Atlético Madrid’s start to this Liga Santander season drew optimism from even hardened colchoneros and raised a few eyebrows elsewhere in Spain. Here were Atlético, unable to inject new blood into a squad that desperately needed it and already out of the Champions League, sitting above übermenschen Real Madrid and sexy Valencia in mid-December (and already having played both). Yes, there were too many draws, but the 10-6-0 start placed Atleti within shouting distance of leaders Barcelona — who while dominant at times this season have exuded a certain vulnerability, a certain lack of control that is so unlike them.
Yet Atlético looked fragile most weeks, dropping key points at home and escaping with narrow victories away. For example, Atleti threw away late one-goal leads against Barça and Villarreal in October before somehow winning 1-0 at Celta Vigo (where they were dominated) and 1-0 Deportivo La Coruña (where the teams were equally bad). The most extreme cases came this month, where los rojiblancos won 1-0 at Betis with 26 percent possession and 1-0 versus Alavés despite creating four chances with 65 percent possession.
But on Friday night at RCDE Stadium, the luck dragons stayed chained underground. There would be no unocerismo pixie dust against Espanyol, who limited Atlético to ONE shot on target the entire game and got an 88th minute winner from Sergio García. As if we needed more proof that Atleti need fixing, Friday night’s game provided it.
But the fix isn’t as simple as registering Diego Costa, which the club will be free to do after next week. Despite the narrative that has surrounded this team and its paltry 25 goals from 17 games, Costa is not the elixir, the antidote to what ails Atlético’s attack. (I talked about this a little back in September.)
Atlético’s deep, industrious central midfield can be an asset, but most other times it is a sizable liability. Atleti have problems scoring goals, that’s true. However, the failure to create chances consistently (as opposed to finishing chances consistently) in a rigid, predictable setup has hampered this team and will continue to hamper this team.
Here are Atleti’s shots-on-target totals from the past six league games (with expected goals from Understat): 1 (0.75), 11 (2.88), 10 (3.06), 2 (0.79), 4 (1.01), 1 (0.77). The results were as follows: 0-0, 5-0, 2-1, 1-0, 1-0 and 0-1. Despite scoring only four goals against teams not named Levante since the last international break, it may surprise you to learn that only Valencia, Barcelona and Real Betis have converted shots into goals at a higher rate than Atleti’s 15.7 percent. So that’s not so much the issue.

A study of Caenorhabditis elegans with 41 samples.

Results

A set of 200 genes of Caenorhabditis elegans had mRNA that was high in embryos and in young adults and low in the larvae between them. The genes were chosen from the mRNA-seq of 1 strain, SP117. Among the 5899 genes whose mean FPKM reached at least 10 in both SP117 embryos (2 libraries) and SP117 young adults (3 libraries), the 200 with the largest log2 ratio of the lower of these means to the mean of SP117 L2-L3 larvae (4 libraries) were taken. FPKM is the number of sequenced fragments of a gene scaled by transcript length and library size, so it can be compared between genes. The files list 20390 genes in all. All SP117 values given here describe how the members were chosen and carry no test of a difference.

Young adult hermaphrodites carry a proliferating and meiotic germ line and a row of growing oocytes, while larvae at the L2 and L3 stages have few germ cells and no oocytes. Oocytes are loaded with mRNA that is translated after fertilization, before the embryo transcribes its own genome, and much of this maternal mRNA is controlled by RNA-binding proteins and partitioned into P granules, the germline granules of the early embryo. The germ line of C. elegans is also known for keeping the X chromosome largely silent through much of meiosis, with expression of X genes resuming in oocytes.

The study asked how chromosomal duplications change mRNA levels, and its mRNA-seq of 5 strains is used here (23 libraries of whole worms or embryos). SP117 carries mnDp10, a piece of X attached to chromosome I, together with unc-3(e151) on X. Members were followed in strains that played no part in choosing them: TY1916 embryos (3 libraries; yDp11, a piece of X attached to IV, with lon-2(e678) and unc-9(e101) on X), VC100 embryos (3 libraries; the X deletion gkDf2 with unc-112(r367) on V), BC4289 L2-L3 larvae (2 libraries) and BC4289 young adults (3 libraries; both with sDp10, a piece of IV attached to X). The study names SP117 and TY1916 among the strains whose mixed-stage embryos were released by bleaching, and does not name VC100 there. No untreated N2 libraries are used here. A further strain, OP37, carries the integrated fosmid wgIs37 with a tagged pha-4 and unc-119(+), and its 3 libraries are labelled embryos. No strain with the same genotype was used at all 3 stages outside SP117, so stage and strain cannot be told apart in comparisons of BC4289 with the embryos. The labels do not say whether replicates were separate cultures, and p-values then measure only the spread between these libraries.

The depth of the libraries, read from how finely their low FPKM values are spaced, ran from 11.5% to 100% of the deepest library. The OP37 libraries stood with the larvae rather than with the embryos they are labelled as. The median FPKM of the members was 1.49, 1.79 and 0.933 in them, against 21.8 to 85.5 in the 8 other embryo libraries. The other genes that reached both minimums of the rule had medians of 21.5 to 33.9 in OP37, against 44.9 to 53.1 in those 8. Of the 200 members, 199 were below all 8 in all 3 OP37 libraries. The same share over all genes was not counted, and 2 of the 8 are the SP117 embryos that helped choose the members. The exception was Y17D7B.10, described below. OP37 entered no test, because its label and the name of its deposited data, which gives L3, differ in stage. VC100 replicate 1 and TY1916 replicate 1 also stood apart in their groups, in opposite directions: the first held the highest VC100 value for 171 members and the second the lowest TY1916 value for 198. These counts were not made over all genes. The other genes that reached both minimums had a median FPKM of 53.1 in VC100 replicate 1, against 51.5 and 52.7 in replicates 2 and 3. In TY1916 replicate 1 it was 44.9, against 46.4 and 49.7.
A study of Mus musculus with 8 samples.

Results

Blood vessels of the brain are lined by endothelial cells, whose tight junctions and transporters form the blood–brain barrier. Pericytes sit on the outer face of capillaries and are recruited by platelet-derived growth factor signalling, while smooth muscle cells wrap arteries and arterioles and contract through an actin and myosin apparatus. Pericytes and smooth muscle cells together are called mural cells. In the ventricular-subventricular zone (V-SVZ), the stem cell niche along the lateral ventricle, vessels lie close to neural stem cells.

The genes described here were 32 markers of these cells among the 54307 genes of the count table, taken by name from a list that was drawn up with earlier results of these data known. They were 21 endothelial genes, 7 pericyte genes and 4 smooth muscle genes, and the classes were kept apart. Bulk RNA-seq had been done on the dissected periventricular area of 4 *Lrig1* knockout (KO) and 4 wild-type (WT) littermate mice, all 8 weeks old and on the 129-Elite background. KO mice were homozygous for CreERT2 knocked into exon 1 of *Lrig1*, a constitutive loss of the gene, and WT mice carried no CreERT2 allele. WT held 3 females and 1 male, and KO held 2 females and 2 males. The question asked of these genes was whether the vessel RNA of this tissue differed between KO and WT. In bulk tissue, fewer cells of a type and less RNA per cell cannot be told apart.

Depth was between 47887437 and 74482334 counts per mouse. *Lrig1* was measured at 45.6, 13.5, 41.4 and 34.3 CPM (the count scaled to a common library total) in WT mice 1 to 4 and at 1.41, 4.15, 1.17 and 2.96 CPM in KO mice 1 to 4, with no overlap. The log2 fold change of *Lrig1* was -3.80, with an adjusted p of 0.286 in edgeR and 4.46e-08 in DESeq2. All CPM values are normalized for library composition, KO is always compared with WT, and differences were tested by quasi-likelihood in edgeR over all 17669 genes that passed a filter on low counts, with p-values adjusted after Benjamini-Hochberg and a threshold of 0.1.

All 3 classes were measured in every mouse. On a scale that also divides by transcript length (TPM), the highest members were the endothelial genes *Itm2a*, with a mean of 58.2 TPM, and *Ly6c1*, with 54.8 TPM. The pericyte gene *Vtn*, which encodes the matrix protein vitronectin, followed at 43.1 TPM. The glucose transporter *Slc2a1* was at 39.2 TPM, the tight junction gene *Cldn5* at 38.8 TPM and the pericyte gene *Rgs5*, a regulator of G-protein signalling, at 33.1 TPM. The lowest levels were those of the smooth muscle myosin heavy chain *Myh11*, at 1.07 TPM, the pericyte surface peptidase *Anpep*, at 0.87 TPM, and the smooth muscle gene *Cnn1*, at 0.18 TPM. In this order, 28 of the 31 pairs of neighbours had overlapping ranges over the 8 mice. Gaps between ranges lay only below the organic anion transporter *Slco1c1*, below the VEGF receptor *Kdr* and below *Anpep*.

Here is the issue: not counting Friday night, Atlético have created 153 chances this season, smack dab in the middle of LaLiga. Some perspective on how disappointing that number is: bottom side Málaga have created the same number of chances through 17 weeks. In fact, four of LaLiga’s bottom six — Deportivo (173), Celta (171), Las Palmas (158) too — have strung together more chances than Atlético this season.
(A big thank you to Ravi Mistry and his incomparable dashboard maps.)
It’s not that a world-class forward like Costa can’t solve Atlético’s chance creation conundrum. There’s just simply no way he can unless his coach finally and meaningfully pivots away from his safe, familiar 4-4-2. (And not a Ross Geller pivot, either). Diego Simeone’s quadruple pivot harms Atlético’s buildup and inhibits the abilities of his best players. In this system, 32-year-old left back Filipe Luís is usually the team’s top playmaker; Koke is too often a spectator playing out of position and Antoine Griezmann’s form has been volatile, while Ángel Correa and Yannick Carrasco have seen their playing time cut (in the latter’s case, he didn’t even see the pitch at Espanyol).
Costa’s return certainly will offer a boost and will bring goals with it — if for no other reason than because the striker is brilliant (and also crazy and hungry). But he alone is not the answer to the “why can’t Atlético score goals?” question. Costa is only going to finish as many chances as his teammates will supply — and based on the first four months of this season, he’s going to need to make every chance count.